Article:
Case Study 1 – Client A

Client A’s offence was manslaughter of his best friend.  He had previously been involved in gang culture.

MALS first involvement with Client A came when they, together with partner agencies, attended a MAPPA meeting to discuss Client A.  It was decided that MALS mentors meet Client A at the hostel where he was staying as a condition of his licence . . . having initially met Client A with probation officers present, the MALS mentor then met Client A again by himself 3 days later.

Client A had a number of conditions to his licence: to reside where instructed by Probation; not to engage with named associates, and he was also excluded from the Knowsley area.  Client A was experiencing problems at the hostel by virtue of his smoking cannabis, arguing with staff and returning late back to the hostel.  Client A declared to the MALS worker he was bored.  Following discussions and discovering that Client A had an interest in keeping fit, the mentor and mentee starting attending a local gym together; this would last a number of months and built a strong relationship between the two of them.

Now living on the other side of the City from where he had been brought up, Client A was keen to move nearer his parents.  The MALS worker was able to use MALS contacts to arrange an interview with an organisation working with clients on release from custody.  He successfully secured a room for Client A there and he attended regular sessions, sometimes attending twice a week.  He also continued to  attend the gym with his mentor.  Client A’s cannabis use declined and he was engaging with his probation officer (who reserved special praise for MALS in creating the initial engagement).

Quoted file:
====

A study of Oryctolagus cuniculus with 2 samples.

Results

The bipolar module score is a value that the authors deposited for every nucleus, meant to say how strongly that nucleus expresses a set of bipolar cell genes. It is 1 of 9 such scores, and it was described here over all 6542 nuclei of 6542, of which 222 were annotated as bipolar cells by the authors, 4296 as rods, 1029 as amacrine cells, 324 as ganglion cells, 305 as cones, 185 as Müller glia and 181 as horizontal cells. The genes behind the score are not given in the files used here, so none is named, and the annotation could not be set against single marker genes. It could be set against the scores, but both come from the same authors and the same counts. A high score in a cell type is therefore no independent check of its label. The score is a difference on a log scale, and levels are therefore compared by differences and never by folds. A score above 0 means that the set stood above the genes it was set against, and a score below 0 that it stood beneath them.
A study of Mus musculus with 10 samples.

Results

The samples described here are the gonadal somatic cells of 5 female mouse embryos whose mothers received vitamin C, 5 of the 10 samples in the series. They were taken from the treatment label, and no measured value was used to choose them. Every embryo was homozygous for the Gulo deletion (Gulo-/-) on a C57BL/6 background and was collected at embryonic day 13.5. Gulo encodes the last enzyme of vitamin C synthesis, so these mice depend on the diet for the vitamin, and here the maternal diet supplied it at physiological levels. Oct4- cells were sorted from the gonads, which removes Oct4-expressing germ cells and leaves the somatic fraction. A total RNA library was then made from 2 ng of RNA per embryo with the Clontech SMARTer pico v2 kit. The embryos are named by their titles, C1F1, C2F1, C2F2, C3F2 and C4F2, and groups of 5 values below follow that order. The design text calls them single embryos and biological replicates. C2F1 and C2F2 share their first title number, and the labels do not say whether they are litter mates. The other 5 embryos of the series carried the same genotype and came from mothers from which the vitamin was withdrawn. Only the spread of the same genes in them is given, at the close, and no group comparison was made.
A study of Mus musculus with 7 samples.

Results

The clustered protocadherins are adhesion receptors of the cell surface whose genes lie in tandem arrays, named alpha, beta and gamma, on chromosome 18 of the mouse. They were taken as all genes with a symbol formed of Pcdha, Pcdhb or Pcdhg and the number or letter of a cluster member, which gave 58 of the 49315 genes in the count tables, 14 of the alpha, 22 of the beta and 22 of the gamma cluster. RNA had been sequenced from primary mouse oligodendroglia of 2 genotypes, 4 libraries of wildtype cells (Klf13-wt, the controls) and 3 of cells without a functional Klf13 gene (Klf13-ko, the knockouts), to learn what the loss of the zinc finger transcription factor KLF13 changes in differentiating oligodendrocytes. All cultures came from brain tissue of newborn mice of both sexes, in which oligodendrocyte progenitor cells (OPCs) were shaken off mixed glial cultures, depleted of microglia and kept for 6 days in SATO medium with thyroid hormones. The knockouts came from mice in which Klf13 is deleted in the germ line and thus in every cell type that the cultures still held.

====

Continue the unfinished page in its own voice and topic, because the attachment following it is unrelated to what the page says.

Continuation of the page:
Having been complying with his licence, engaging with MALS, and with his probation officer deeming there was no longer any risk, by the time of his next MAPPA it was decided that Client A could live with his mum, dad and sister.  Client A was also beginning to feel the confidence to tackle his dyslexia so an assessment appointment was made for him.

Unfortunately Client A didn’t attend the appointment and the mentor heard through other mentees that Client A was mixing with people he had met whilst in custody.  He was now engaging in troublesome behaviour with his new peer group.  Having missed a further appointment with MALS, Client A was arrested for breaching his exclusion zone order and in due course absconded.  Whilst on the run, Client A called his mentor to inform him that he would hand himself in but prior to doing so he was caught riding in a stolen car.